DEARBORN — John McDonald, president of Henry Ford College’s Federation of Teachers, was recently re-elected vice president of the American Federation of Teacher’s Executive Board at a national convention in Minneapolis. He said he is honored to continue to represent higher education professors across the country and is advocating for their interests.
McDonald, an involved member of the local community, said that among the top concerns of the AFT, which represents 1.6 million public employees, is state government’s disinvestment in higher education.
He said 20 years ago, about half the then-community college’s revenue came from the state, while only 20 percent came in the form of tuition.
Today, that ratio has reversed, with more than half of the revenue earned from tuition.
“That’s because the state has stepped away from its responsibility of funding higher ed,” he said.
McDonald said funding, schools with consideration to both universities and students’ interests is another pressing issue for the AFT, as colleges currently rely on increasing tuition.
As tuition increases, so does student debt, another undertaking of the AFT, he added.
However, students are not the only party at a disadvantage at colleges. In response to funding cuts, McDonald said most of the time, colleges employ part-time faculty. He said the colleges exploit many who work part time across different campuses to earn enough for a comfortable living.
More than 70 percent of college instructors work part time at their institutions, he said. At HFC, about half are part time.
“If anyone goes to a K-12 system and says, ‘How would you like part time faculty teaching in your elementary and secondary schools?’, rightly so, there would be an uproar,” McDonald said. “And it’s happened in higher ed for the last 20 years.”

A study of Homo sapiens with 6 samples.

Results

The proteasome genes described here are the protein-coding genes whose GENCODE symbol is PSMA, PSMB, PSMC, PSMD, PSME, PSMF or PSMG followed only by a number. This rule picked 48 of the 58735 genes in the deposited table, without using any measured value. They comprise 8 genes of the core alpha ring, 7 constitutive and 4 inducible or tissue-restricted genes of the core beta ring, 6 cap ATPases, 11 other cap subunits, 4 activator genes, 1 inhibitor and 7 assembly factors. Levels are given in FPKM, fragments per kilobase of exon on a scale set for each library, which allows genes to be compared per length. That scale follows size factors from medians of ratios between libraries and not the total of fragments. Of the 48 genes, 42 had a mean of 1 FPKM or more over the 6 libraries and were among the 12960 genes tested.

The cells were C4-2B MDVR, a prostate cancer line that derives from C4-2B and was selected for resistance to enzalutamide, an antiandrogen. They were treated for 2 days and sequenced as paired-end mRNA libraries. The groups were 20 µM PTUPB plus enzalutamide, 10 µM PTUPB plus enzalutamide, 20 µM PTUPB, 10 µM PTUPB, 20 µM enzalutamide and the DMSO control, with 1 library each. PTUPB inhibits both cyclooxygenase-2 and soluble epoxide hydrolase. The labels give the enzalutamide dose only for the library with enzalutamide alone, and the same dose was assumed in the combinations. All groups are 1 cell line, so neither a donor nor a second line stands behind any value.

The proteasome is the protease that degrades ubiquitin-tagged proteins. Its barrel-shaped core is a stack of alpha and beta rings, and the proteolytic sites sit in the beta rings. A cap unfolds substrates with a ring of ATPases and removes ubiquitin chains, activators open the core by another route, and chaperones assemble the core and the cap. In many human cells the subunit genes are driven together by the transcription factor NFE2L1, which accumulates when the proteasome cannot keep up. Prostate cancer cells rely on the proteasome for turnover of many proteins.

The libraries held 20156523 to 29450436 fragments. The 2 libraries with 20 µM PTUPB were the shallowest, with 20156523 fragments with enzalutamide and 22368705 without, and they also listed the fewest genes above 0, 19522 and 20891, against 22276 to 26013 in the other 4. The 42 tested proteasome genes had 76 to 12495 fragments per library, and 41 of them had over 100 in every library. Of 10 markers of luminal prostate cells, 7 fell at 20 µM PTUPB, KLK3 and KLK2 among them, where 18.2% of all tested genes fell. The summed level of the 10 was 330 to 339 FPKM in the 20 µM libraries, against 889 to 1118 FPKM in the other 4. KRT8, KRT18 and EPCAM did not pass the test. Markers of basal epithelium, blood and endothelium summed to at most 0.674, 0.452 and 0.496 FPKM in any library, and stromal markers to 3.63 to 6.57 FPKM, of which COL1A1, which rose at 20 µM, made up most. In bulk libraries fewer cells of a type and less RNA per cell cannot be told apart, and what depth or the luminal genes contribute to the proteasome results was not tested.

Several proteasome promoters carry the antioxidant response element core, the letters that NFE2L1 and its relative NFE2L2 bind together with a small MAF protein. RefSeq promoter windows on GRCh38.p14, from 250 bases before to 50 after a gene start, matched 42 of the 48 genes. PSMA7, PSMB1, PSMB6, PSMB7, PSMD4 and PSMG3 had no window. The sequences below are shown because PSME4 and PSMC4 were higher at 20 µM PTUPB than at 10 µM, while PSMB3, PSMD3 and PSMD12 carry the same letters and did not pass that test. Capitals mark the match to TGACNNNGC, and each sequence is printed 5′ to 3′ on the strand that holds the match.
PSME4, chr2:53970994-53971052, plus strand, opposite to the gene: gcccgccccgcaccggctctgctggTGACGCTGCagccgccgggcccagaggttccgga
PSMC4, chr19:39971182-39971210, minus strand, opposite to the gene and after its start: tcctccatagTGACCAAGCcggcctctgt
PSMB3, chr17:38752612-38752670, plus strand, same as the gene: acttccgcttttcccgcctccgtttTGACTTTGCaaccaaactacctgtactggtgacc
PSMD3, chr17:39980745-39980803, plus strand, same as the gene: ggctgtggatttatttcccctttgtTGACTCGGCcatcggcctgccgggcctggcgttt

Institutions have developed a corporate, top down mentality, rather than let educators determine what is most effective in the classroom, he added. That method forces the schools to adopt the latest “fad” when creating a curriculum.
Backed by state legislators, privatized K-12 schools face few staffing concerns, while state employees are losing jobs.
“People do not see public employees as public servants offering benefits to the public,” he said, pointing to right-wing legislators who often advocate for tax cuts.
McDonald said his peers view higher education not as common good for society, but more a commodity to be purchased, especially for its economy.
The AFT currently is engaged in the upcoming local and statewide elections, because the decisions of Lansing lawmakers would directly impact the careers of government employees like K-12 educators.
The foundation also advocates for politicians who tangibly improve school systems by putting adequate money behind education.